Tuesday, June 26, 2012

Do not ever lean on the doors!

Photo Brian Feeney / Flikr
This morning at about 9:30 is was on a downtown A train.  Not to crowded and I happened to be in the last car. 

Everyone was sitting quietly.  There were some tourists on their way to the Airtrain, a few wall street types that were late for work.  But mostly I think the train was full of hard working New Yorkers who were coming home from a late shift.

I did not notice at first but when the conductor announced that we were at Canal St, we were not.  The front of the train might have been at the Canal St Station, but the back of the train was not.  This was painfully apparent when the doors opened into a dark sea of emptiness that is a subway tunnel.  We sat there stunned.  Nobody moved. (I should have taken out my phone at snapped a photo).  Then after a normal amount of time the doors closed.  The silence was broken by "Damn, I am glad I was not going to Chinatown."  We chuckled.

Then things got a little scary.  The train was not moving.  I walked to the forward end of the car and looked ahead.  It appeared that 2 cars ahead there was come commotion. For a minute I thought someone might have stepped off the train and onto the tracks.  It really made me sick to my stomach thinking that I was on the train where someone got hurt.  But, turned out to be nothing.

After a period of time that was between 10 minutes and an eternity, the train pulled forward.  (It was actually a short period of time.  Because when the train did move up, we all knew that nobody got hurt, because if anyone got hurt we would have been stuck for a really long period of time.)  And again the conductor said Canal St, change for the C and the E, just like we were there for the first time. People got on, nobody got off.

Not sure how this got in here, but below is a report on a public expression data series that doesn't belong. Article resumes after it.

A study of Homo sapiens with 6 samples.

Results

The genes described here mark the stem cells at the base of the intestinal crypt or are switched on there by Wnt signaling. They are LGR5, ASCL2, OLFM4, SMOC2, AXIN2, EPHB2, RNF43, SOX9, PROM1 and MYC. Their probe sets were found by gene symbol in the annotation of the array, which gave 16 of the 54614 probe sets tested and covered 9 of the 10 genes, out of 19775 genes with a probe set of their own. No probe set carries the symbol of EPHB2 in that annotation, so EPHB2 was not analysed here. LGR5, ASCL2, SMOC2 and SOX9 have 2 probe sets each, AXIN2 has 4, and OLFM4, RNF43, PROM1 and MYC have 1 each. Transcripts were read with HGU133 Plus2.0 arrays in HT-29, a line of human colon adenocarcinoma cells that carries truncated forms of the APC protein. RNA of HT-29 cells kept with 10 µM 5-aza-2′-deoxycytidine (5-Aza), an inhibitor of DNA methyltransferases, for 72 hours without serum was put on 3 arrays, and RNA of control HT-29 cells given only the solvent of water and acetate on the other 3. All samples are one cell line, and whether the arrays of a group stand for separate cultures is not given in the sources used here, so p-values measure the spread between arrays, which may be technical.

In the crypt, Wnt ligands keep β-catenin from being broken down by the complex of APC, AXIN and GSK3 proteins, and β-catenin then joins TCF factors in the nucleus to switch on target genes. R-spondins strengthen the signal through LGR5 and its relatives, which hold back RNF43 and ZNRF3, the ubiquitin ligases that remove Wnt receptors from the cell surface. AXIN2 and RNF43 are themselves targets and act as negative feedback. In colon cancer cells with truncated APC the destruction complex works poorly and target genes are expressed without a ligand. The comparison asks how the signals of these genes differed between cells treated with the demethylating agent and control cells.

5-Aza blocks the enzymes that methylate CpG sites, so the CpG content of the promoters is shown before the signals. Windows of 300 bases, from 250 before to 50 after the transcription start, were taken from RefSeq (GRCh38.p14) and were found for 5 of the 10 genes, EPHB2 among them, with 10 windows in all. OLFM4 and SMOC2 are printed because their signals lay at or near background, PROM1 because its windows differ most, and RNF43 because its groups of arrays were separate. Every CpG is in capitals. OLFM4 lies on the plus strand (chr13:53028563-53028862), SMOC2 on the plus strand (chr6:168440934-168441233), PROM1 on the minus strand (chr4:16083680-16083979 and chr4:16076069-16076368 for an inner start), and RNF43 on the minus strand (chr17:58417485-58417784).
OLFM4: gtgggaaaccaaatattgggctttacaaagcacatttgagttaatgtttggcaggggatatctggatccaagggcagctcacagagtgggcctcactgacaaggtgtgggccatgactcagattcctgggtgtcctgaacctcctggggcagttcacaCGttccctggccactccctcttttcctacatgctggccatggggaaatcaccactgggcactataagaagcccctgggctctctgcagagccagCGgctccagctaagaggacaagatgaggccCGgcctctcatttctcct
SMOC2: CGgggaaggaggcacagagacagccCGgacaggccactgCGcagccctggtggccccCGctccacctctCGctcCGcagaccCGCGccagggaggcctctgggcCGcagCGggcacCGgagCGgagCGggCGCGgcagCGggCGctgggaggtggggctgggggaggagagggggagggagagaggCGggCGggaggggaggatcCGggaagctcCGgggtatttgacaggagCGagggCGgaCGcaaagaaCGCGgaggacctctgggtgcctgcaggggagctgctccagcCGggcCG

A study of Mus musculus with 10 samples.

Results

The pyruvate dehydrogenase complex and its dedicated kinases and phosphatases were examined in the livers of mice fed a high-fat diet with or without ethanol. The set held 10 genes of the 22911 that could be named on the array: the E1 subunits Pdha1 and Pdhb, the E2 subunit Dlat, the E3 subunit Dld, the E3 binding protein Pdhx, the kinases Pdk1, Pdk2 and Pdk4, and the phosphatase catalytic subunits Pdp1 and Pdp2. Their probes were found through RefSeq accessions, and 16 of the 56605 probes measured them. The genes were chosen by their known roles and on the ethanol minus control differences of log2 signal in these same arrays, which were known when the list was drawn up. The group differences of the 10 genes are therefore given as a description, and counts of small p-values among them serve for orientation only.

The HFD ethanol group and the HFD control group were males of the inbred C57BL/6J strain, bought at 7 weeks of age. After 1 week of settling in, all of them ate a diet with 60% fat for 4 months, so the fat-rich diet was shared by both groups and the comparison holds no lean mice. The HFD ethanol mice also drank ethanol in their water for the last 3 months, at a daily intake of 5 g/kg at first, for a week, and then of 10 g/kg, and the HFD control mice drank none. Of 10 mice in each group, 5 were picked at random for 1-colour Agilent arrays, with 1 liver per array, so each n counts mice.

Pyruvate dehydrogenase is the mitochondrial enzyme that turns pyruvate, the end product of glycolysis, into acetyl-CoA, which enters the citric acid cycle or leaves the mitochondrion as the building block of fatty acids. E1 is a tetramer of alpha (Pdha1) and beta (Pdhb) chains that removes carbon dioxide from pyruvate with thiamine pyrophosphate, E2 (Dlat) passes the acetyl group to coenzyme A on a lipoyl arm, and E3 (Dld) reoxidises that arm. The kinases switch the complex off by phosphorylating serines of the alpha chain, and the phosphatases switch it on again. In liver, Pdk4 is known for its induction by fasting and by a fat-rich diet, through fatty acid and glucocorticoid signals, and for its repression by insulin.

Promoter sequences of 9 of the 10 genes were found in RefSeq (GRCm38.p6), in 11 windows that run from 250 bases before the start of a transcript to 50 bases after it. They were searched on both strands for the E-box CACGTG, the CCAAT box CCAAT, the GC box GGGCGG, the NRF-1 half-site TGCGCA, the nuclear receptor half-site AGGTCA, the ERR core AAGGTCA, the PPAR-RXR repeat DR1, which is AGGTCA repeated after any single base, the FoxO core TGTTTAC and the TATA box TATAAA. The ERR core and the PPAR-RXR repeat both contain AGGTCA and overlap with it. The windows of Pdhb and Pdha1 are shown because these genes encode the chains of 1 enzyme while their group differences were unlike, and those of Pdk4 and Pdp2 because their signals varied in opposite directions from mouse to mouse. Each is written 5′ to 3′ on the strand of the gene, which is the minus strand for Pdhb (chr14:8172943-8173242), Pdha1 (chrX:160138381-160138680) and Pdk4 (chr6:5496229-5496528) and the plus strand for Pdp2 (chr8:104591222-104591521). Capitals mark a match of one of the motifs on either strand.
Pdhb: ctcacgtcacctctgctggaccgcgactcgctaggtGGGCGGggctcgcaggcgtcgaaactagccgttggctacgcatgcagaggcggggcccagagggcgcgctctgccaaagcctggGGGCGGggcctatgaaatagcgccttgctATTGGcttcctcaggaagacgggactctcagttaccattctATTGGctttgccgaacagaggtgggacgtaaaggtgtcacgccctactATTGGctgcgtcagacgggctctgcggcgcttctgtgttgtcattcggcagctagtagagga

The people in the front and middle of the train probably did even know why the train stopped at the station twice.  We felt gypped that we got no explanation, no apology, no story.  But it did make for a great New York Moment.


  1. Wow, I don't need a New York moment like that one any time soon. Very scary to think it might have been caused by an accident, very frustrating not to know what made it happen.

  2. There might have been something going on at the front end of the station that made he motorman (train driver) stop before the end of the platform. That would not be unusual.

    But the Conductor (who opens and closes the doors from the middle of the train) should have know the train was not centered.